With the fascinating and interesting issues raised by the court in In Re Farraj (72 A.D.3d 1082), we decided to provide our readers with a succinct and clear explanation about the validity of a Muslim marriage conducted abroad and in the United States.
A foreign marriage occurs when a couple marries outside of the United States – regardless of whether or not either party is a U.S. citizen. Two simple examples:
(1) Bride and groom from Virginia decide to travel to Pakistan to get married;
(2) Egyptian bride and groom living in Egypt get married in Egypt and shortly thereafter immigrate to the U.S.
In these two scenarios, the law of the country where the marriage was performed governs the the validity of their marriage. Pakistani law governs in example (1) and Egyptian law governs in the second example. Some states, like New York, provide that the law of the marital domicile would govern the validity of a foreign marriage. In other words, assume that in examples (1) and (2) the married couple resided in New York for ten years. New York marital domicile law potentially would apply for purposes of the validity of the parties’ marriage. This approach highlights the public policy in New York that provides a presumption in the validity of marriages. In these examples, a Muslim marriage performed in accordance with the laws of the place of marriage is recognized and enforced in the U.S. However, this only applies to the marriage itself. As to the consequences of the marriage – custody, child support, martial property and alimony – the law of the marital residence governs. So in example (2) with the couple that married in Egypt, immigrated to the U.S. and resided in the U.S. for several years before filing for divorce, the law of their state of residence would govern all of the consequences of the marriage – custody, alimony and equitable distribution.
In the majority of states, to be valid, a marriage requires a couple to obtain a marriage license from the state and then take that marriage license to a person authorized to solemnize marriages. American law authorizes certain government officials, such as mayors and judges, and most religious officials, to solemnize marriages. The majority of Americans choose to have their religious official solemnize their marriage.
What are the legal consequences if you only marry religiously without obtaining a marriage license as required under the law?
The answer depends on the state you live in. There are three approaches to this issue:
Approach 1: common law marriage
Some states still recognize common law marriages, though most states have abolished common law marriage. While the elements of a common law marriage differ amongst the twelve or so states that recognize it*, most of those States require three basic elements: (1) intent to be married; (2) continuous cohabitation; and (3) public declaration that the parties are husband and wife. Therefore, if a Muslim couple, with a religious marriage contracted in the U.S., reside in a state that recognizes common law marriage, their religious marriage is likely to be valid. Why? Because the Muslim marriage contract demonstrates an intent to be married, an intent to live together and the public know the couple to be husband and wife. In this case, the wife’s marital rights would be protected under state law (alimony, equitable distribution/community property, child support).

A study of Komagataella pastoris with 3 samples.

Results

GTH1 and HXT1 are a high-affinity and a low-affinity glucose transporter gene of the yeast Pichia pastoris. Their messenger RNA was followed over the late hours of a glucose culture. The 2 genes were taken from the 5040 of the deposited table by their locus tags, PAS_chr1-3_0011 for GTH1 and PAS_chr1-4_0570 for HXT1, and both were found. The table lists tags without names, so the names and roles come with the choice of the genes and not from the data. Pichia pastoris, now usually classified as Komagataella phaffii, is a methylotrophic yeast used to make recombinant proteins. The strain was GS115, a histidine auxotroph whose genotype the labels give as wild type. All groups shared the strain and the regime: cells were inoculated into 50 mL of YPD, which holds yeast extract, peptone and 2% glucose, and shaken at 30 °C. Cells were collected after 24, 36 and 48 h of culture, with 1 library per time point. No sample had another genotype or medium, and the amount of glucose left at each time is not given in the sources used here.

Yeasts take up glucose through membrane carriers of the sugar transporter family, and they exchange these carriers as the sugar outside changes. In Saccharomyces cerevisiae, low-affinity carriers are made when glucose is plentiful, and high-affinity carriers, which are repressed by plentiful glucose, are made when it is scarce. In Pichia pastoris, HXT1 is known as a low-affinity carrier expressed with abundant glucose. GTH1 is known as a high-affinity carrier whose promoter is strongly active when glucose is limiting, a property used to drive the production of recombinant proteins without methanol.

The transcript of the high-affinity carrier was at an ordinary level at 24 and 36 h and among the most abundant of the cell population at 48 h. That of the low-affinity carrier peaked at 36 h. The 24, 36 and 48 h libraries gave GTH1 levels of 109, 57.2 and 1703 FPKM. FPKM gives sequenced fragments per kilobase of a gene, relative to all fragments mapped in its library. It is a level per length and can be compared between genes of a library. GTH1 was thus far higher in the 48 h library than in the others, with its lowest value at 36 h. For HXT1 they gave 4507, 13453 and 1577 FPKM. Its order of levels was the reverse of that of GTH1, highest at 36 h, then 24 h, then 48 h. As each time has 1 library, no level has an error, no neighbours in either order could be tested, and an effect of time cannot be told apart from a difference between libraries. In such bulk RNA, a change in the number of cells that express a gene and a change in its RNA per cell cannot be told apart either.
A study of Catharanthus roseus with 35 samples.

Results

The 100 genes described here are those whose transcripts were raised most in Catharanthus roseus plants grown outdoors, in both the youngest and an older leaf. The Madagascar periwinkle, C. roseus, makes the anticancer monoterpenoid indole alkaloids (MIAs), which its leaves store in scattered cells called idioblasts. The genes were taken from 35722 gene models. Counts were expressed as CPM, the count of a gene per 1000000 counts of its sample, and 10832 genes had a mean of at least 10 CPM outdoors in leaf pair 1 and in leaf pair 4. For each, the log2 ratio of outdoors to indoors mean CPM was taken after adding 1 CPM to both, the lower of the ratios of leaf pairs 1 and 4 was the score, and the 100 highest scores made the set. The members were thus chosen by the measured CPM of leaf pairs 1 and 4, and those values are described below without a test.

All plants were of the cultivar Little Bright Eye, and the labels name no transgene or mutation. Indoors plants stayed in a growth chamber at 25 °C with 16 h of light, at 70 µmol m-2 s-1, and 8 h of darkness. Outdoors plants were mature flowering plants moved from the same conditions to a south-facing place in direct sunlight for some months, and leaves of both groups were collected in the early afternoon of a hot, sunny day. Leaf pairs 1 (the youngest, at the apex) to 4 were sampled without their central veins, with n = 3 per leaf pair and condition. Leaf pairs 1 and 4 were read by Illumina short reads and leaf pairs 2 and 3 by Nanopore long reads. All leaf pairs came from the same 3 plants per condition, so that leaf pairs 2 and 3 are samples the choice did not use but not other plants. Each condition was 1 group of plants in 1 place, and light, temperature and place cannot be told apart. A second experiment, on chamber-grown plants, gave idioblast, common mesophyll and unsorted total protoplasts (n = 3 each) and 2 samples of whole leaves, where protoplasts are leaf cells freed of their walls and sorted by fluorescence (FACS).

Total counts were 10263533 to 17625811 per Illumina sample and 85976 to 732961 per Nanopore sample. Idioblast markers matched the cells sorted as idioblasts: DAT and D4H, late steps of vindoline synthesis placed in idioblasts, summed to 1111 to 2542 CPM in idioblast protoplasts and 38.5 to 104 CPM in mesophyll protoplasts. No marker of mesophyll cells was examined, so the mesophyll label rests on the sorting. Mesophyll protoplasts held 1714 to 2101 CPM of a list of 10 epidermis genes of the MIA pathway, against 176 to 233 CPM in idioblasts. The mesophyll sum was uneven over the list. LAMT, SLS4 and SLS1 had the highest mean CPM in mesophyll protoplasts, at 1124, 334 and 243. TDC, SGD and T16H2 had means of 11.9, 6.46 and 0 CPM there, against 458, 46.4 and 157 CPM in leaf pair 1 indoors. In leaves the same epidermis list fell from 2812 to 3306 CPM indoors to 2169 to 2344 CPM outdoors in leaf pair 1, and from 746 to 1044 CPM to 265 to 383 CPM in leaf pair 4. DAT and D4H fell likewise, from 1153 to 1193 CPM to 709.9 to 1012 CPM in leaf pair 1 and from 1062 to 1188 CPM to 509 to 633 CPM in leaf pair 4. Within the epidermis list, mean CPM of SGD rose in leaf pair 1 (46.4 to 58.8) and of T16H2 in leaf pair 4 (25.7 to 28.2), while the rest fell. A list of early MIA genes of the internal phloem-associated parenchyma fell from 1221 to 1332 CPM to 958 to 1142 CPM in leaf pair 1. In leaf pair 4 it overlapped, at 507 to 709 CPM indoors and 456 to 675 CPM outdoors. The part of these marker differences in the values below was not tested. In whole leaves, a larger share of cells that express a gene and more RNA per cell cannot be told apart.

*The following states continue to recognize common law marriages: Alabama, Colorado, District of Columbia, Iowa, Kansas, Montana, New Hampshire, New Mexico, Rhode Island, South Carolina, Texas, Utah.
The other states take one of two approaches – the marriage is void (New Jersey) or the marriage is voidable (New York):
Approach 2: marriage is void
The void states, like New Jersey, say that if you fail to obtain a marriage license, then your marriage is void; therefore, no rights or privileges arise therefrom. This means a wife would not be entitled to alimony or to a share in marital assets. Furthermore, if the husband dies – naturally or because of a third party’s negligence, the wife in these circumstances would neither inherit nor be able to sue on behalf of her husband. Of course, children are entitled to child support whether the marriage is valid or not. Some states allow a legal action called palimony. In an action for palimony, the party asserting the claim must prove to the court that his or her partner promised to take care of him or her for life. The parties moved in together, worked together and then the party promising to care for the claimant decides to pick up and leave. In this case, the court would award the injured party damages for the breach of the promise to take care of the partner for life. These cases are very difficult to win and some states now require that such promises be in writing.
Approach 3: marriage is voidable
On the other hand, the voidable states, like New York, provide that a marriage without a marriage license would render the marriage voidable. If you prove to the court that a person authorized to solemnize your marriage performed the solemnization, the court is willing to recognize the marriage being valid and effective as of the date of solemnization. In this case, the law protects the palimony claimant’s rights arising out of his or her voidable marriage.
The best practice is to follow local law and obtain a marriage license before you go to your Imam to solemnize your marriage. This is the most sensible route to protect your rights and to protect the validity of your marriage.